The Importance of Team Preparation

While at the Santa Fe Leadership Center institute, I noticed the the theme of team preparation through personal sharing repeatedly receive emphasis. Invest time and energy into the personal histories and goals of team members, and the team will perform at a higher level and accomplish more.

Tomi Nagai-Roethe shared the Drexler/Sibbet team performance model with us. The model provides a detailed framework for understanding team functions and dysfunctions. Built around the metaphor of a bouncing ball, the model emphasizes the importance of personalized team preparation to the later performance level of the team. Early phases of teamwork include individuals sharing who they are and why there are on the team. This precedes articulation of the work to be done or the methods to be used. The floor represents organizational support. With strong support, the ball bounces faster and higher. The vertical axis represents different behavioral dimensions — intuition, feeling, thinking, and sensing. Exploring personal histories and purposes require intuition and feeling skills. The more work a team does to explore the background and motivation of each team member and their reasons for being on the team, the more momentum the team builds to accomplish great work.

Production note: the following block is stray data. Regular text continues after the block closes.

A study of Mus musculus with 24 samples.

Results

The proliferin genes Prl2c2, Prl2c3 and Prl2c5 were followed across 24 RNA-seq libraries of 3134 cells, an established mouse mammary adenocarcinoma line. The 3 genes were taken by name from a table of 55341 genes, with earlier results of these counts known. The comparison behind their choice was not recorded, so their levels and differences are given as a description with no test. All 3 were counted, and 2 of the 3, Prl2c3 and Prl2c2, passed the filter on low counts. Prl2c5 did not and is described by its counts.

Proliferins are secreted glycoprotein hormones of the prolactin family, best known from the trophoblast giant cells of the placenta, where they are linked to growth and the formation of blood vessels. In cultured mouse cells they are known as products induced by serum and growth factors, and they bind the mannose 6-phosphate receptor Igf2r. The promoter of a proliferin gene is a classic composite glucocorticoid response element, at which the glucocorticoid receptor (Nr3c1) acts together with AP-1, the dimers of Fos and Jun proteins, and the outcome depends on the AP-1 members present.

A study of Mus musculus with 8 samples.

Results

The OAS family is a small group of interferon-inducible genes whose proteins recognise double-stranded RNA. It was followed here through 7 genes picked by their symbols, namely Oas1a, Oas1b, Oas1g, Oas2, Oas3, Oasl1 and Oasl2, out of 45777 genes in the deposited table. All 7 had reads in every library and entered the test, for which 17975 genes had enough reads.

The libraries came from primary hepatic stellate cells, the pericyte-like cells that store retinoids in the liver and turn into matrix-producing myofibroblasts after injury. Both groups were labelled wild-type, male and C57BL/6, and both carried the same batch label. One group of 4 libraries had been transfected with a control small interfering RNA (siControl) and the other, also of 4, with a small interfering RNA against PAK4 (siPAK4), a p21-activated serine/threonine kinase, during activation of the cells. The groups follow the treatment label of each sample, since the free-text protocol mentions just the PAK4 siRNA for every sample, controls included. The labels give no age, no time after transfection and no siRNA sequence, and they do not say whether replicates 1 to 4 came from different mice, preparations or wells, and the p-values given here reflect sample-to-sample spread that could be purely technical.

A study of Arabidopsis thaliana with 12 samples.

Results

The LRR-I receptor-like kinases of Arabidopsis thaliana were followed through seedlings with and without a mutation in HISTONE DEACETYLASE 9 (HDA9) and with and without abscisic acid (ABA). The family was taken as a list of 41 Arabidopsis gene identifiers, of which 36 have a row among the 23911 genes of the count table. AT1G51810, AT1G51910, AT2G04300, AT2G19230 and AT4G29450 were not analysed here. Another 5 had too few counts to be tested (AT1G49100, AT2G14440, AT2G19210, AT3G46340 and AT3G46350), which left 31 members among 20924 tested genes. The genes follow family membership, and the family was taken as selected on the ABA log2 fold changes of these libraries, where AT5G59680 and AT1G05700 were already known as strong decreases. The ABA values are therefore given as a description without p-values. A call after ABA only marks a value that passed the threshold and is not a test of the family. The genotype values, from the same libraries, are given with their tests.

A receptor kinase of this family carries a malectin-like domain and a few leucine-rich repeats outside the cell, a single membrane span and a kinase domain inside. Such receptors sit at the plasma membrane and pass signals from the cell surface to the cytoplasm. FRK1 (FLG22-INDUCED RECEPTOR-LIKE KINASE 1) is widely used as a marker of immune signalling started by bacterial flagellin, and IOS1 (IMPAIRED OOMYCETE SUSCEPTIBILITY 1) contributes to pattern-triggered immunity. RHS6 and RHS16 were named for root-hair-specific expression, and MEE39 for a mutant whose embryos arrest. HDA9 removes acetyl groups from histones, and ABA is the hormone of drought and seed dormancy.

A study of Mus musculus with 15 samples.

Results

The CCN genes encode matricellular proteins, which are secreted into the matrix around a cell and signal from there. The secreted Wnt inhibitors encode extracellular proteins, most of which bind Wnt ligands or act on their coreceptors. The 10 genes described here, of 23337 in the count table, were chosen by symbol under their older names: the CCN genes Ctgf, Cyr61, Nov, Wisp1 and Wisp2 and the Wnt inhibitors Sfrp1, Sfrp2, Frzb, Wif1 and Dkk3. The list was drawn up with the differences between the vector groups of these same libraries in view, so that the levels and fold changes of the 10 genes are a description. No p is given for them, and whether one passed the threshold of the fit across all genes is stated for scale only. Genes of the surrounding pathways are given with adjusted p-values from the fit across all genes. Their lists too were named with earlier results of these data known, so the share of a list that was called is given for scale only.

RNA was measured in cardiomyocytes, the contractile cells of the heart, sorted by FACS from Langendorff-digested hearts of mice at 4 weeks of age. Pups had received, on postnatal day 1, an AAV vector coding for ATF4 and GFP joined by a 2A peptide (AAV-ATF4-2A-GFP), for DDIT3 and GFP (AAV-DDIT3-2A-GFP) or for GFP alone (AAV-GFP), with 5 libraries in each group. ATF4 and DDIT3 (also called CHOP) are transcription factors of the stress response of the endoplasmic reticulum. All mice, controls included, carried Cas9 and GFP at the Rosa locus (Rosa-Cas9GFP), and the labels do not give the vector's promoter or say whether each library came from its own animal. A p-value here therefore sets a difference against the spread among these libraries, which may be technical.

Carla Silver put this theory into action through a wallet building exercise. The ultimate objective of the activity was to build the perfect wallet, but before we were even given our task, we were told to show and explain each of our wallets. This individual sharing of the wallets we had chosen for ourselves gave each person the opportunity to speak, make their preferences known, and show their chosen wallets before group work began. As a result, the group was more trusting and collaborative throughout the entire process.

Debbie Freed explored systems causes for conflict and crises in schools. Similarly to the other speakers, she explained how issues framed around personality conflicts are really about the assumptions that people bring to their jobs as a result of their personal and institutional histories.

IDEO had us practice design thinking to design a better recess for kids. They emphasized personal history through “user-centered design,” asking interview subjects open-ended questions and conducting observations to identify user needs and brainstorm possible solutions.

The idea of personal experience in teamwork seems readily applicable in our work in schools.